A publication of the Archaeological Institute of America
How a Union captive's art is helping historians and archaeologists
Captured in northern Virginia by Confederate forces in November 1863, Union mapmaker Robert Knox Sneden of the Army of the Potomac spent the rest of the war in a series of POW camps, including Camp Lawton in Georgia. During his captivity he made sketches and took notes in his Bible, eventually producing the largest collection of Civil War art by any soldier who participated in the conflict. A remarkable map and watercolors by Sneden have now helped guide the work of Georgia Southern University archaeologists who located Camp Lawton last year.
Sneden's watercolors came to light only recently. The artist's great nephew had used Sneden's scrapbooks, filled with vivid paintings of Civil War scenes, to repay bad debts in the early twentieth century. They were stored in a Connecticut bank vault for decades until 1994, when the current owner, a descendant of a friend of the great nephew, approached the Virginia Historical Society, which purchased the works. "But we didn't know anything about Sneden," says Nelson Lankford, the society's vice president. "There was no memoir or diary."
After contacting a military curator at West Point, Lankford and his colleagues learned that a small town on the Hudson River was once known as Sneden's Landing. A volunteer in her 90s at the local historical society remembered the Snedens, and was able to bring Lankford into contact with the descendant who had inherited the portion of Sneden's Civil War work that stayed in the family. "One of the first things he said to us was, 'you know about the memoirs don't you?'" says Lankford. "It turned out he had the memoir and other watercolors in mini storage in Arizona."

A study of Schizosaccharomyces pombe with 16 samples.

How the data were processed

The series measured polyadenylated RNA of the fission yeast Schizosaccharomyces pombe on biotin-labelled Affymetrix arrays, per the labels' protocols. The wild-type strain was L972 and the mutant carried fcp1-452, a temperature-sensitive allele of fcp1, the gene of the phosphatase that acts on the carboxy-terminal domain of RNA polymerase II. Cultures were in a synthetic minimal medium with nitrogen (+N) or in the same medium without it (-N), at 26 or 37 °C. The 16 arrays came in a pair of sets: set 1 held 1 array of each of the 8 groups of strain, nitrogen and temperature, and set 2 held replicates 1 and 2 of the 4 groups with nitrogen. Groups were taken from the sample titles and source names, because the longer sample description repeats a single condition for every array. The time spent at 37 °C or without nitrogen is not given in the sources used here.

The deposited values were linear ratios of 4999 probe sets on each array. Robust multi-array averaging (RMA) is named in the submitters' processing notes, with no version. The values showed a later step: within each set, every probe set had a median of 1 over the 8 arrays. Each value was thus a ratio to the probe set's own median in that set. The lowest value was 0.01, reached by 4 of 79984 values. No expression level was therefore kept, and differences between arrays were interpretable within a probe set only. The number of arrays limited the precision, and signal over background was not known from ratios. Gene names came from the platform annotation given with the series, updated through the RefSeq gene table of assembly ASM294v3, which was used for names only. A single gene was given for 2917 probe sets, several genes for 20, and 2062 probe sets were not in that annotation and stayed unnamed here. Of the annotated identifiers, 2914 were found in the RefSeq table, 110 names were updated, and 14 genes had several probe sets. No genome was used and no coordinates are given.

The society purchased the second collection, which together with the work from the Connecticut bank vault make up one of the most significant collections of Civil War art in the country. "During the Peninsula campaign of 1862, Sneden made a series of watercolors of buildings and landscapes that were destroyed by the war," says Lankford. "Those are our only records for many of these places." Outdoor photography in the south was not very developed then and most Confederate army photographers took studio images, so Sneden's landscapes and depictions of buildings in the Confederacy are particularly important.
The series of Sneden's images of Camp Lawton came in especially handy for Kevin Chapman, an archaeology graduate student at Georgia Southern University. "The only maps we had of the Camp Lawton area dated to 1920," says Chapman. "And they are railroad maps that just show the railroads and the land usage. So we really relied on Sneden's images." When he was held at Camp Lawton Sneden was allowed outside the prison on parole to help the camp doctor write prescriptions in Latin. "He had a real chance to survey the area and make notes for maps," says Chapman. "I was amazed by what he got right. For instance, we thought we knew things that were glaringly wrong on his map, like a stream that is on left of the map. Today there is no stream there, and I thought he just made up. But I got to talking to an old farmer who told me there had been a stream there that's been dried up for 60 years."
Chapman's team is currently using the Sneden map and watercolors to pinpoint the footprint of the camp's stockade. "But that's just stage one of what we estimate will be a decades-long project," says Chapman. Sneden also made detailed depictions of Confederate earthworks, support structures, the camp hospital, and an encampment outside the stockade. Excavations at these sites in the future will be guided in part by Sneden's works.
The Virginia Historical Society is currently digitizing all of Sneden's watercolors in preparation for an exhibit commemorating the 150th anniversary of the Civil War. More than a thousand of his paintings will be available for researchers online. "That will magnify his contribution," says Lankford. "I anticipate the ease of access to these pages will only make this collection more important to scholars of the period."
Eric A. Powell is deputy editor at ARCHAEOLOGY.